Afghanistan mining revenue declines by 40%
In an exclusive interview with Pajhwok Afghan News (PAN), Deputy Mines Minister Ahmad Durrani said the decline in revenue was due to non-payment of USD 58mn by the MCC Company to the Ministry. The money would have been paid if the ministry had endorsed the company’s technical and economic study, adds the source.
On the other hand, revenue from small mines has increased. Last year’s revenue from small mines was around USD 6mn against this year’s USD 9million, according to PAN.
Other reasons cited for the dip in revenue were time-consuming bidding process, stalemate facing approval of the new mining laws and delays in signing contracts.
Meanwhile, a member of the Lower House’s Commission on Environment and Natural Resources, Gul Pacha Majeedi, slammed the Mines Ministry for their repeated failure in increasing revenue and accused them of lacking transparency in their work.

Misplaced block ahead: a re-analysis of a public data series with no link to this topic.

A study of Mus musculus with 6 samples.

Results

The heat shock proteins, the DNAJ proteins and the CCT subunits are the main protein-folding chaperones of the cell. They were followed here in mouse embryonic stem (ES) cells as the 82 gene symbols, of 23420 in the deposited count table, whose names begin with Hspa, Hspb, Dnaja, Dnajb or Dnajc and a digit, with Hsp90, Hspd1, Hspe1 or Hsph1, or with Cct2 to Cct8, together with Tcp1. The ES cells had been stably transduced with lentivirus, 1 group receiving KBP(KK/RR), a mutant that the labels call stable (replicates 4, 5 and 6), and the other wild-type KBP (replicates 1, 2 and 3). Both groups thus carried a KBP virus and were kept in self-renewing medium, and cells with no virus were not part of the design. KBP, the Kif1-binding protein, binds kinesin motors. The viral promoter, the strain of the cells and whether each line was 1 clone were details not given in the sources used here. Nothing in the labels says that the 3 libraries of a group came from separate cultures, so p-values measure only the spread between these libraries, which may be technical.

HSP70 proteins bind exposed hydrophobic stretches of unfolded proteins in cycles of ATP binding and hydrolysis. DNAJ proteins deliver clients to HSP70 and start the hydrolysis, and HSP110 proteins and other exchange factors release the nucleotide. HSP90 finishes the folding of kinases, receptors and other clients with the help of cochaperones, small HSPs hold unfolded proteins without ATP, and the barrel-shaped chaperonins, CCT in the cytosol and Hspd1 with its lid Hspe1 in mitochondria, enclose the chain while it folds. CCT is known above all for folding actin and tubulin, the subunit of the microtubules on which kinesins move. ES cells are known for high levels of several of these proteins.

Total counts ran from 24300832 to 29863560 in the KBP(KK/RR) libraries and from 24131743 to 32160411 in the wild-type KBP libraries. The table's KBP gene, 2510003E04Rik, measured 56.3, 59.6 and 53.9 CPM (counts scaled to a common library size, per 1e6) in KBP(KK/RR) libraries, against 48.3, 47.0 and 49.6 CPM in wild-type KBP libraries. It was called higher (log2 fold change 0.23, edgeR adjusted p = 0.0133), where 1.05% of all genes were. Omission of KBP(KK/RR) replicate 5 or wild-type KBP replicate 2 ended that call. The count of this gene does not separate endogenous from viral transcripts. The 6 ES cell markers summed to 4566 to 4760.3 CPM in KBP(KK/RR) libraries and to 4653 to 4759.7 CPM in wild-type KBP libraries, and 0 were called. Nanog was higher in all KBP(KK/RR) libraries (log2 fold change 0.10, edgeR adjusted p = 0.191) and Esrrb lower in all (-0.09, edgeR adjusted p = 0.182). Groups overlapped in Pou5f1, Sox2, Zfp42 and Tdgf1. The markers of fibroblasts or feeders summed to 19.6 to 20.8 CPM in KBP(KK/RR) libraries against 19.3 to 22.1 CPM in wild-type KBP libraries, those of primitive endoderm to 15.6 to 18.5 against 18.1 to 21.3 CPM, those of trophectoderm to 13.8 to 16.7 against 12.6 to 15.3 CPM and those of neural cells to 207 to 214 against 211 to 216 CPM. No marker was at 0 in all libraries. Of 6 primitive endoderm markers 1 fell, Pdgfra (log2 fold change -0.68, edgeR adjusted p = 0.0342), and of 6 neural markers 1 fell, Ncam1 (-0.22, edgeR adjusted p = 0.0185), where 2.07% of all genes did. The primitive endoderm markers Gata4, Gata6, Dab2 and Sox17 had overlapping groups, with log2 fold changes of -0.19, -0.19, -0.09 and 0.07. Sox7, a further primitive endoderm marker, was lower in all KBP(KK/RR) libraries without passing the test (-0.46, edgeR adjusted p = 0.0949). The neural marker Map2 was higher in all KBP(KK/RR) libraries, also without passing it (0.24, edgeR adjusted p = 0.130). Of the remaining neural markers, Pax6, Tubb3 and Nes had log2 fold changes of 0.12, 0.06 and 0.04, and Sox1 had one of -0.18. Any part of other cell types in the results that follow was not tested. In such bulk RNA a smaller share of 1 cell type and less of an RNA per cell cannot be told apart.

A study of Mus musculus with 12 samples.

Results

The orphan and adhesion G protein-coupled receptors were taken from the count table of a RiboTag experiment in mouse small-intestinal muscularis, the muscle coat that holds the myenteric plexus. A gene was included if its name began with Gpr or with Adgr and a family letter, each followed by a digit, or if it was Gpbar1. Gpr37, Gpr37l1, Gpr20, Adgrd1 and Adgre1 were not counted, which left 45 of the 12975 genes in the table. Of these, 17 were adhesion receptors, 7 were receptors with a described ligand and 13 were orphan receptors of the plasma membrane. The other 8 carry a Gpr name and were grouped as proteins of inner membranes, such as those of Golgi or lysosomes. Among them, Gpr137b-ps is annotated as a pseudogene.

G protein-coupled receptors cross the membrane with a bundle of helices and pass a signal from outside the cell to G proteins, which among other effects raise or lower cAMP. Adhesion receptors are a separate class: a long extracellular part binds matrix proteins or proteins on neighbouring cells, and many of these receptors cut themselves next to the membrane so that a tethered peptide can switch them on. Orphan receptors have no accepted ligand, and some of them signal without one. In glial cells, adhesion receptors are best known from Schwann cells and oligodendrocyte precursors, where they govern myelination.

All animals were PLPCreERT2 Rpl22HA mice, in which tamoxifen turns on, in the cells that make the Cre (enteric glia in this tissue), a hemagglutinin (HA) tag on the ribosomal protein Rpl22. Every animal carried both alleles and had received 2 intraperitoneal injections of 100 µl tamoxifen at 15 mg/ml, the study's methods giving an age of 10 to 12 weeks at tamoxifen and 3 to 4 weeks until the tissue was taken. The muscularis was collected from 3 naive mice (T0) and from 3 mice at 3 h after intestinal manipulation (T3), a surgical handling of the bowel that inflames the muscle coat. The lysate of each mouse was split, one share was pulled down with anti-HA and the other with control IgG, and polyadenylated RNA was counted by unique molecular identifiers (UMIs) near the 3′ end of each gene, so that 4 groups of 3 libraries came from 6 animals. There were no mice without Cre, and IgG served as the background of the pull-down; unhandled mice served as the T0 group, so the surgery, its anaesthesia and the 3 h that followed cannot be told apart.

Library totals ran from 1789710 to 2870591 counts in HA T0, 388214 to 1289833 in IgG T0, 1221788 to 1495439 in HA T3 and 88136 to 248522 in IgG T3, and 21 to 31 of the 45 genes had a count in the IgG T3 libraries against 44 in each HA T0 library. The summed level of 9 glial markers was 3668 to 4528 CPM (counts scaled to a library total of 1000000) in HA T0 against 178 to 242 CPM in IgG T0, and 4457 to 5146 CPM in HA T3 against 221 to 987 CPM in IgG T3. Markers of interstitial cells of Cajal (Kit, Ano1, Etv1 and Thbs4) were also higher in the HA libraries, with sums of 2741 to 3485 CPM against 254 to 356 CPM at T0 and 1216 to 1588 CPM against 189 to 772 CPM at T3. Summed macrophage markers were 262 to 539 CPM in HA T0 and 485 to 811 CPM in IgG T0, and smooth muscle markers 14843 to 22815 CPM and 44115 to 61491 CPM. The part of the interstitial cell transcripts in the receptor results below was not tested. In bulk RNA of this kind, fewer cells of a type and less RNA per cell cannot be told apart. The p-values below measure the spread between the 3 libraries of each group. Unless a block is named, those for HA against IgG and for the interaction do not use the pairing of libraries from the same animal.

Illegal extraction of mines has been identified to be one of the major hindrances to the development of mining sector in Afghanistan.
Recently, Integrity Watch Afghanistan (IWA), a corruption watchdog, alleged that Afghan Local Police was involved in illegal extraction of chromite carried out in eastern Kunar province.
Economic pundits and civil activists have urged the government to protect the nation’s natural resources from looting and abuse and to ensure transparency in awarding contract.
Afghanistan’s mining sector could be vulnerable to the “resource curse” that has left other resource-rich development countries scarred by corruption or unsustainable extraction. Eyes are on Afghanistan’s proposed mining laws that are expected to strengthen the country’s mining sector.
However, a report by a campaign group Global Witness has highlighted flaws in the legislation. These include a lack of safeguards against corruption in the bidding process and no ban on militias or the army benefiting from mining.